This blog on the etymology of Japanese kanji (Chinese characters) is maintained by Noriko Williams. She writes about small groups of kanji that share the same origin and component shapes in current kanji. Her discussions trace back origins of each kanji, using ancient writing that she recreated from photos of ancient inscriptions and writings.
She is the author of an origin-based illustrated kanji reference entitled The Key to Kanji – A Visual History of 1100 Characters -漢字絵解き (2010. Cheng and Tsui Company, Boston) and the creator of a video clip collection for learning 90 kanji radicals (bushu) entitled “Bushu: The Kanji Makers – From Meanings to Shapes” on the American University iTunes U (2011, 2012.)
Recently retired from classroom teaching of many years, she has started a free online kanji study course for mature Japanese language learners. It is called VISUAL KANJI and is open to anyone who wants to study a large number of kanji and vocabulary. The title of the course comes from its premises that in ancient writing the shapes of Chinese characters were visualizations of their meanings, and that this connection of shape and meaning is still reflected in modern kanji and can be useful for a Japanese kanji learner. The URL is http://www.visualkanji.com and free.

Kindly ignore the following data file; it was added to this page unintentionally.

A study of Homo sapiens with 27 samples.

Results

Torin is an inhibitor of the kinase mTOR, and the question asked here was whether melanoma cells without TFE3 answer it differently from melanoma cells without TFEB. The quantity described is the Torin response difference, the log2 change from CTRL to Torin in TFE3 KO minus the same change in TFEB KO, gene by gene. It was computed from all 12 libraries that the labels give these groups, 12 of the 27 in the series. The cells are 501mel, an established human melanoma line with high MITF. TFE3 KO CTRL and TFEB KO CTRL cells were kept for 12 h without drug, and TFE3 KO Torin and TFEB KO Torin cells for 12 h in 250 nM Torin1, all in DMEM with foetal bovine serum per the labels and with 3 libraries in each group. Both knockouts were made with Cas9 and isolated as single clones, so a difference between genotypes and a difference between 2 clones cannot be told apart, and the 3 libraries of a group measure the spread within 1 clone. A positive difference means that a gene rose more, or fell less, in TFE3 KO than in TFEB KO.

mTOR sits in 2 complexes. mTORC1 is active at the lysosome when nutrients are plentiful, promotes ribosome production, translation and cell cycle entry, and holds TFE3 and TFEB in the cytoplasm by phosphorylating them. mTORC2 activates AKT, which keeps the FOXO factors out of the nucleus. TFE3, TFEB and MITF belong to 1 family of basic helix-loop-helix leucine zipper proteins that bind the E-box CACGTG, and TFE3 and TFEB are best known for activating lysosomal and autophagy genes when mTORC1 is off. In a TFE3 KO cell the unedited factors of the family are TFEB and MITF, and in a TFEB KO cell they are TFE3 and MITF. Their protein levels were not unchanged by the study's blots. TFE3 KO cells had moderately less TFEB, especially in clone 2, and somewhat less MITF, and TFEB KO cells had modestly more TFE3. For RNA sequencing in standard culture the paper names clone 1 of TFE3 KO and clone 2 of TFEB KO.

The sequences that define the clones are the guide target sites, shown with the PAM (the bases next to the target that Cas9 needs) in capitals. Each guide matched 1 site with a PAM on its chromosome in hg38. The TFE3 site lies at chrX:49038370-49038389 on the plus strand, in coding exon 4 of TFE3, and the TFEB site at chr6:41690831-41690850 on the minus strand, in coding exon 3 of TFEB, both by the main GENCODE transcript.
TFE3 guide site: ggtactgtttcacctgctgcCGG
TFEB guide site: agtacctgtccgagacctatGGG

Contact: visualkanji@@@gmail.com. (Please remove two @@.)
アウル先生 Auru Sensei, pictured here in a haori coat, was created by Ayako Williams. He was a long-time friend of Dr. Williams in her Japanese classes. He appeared in many of the study materials that she developed, along with his students Penta (ペン太) and Ginko (ギン子).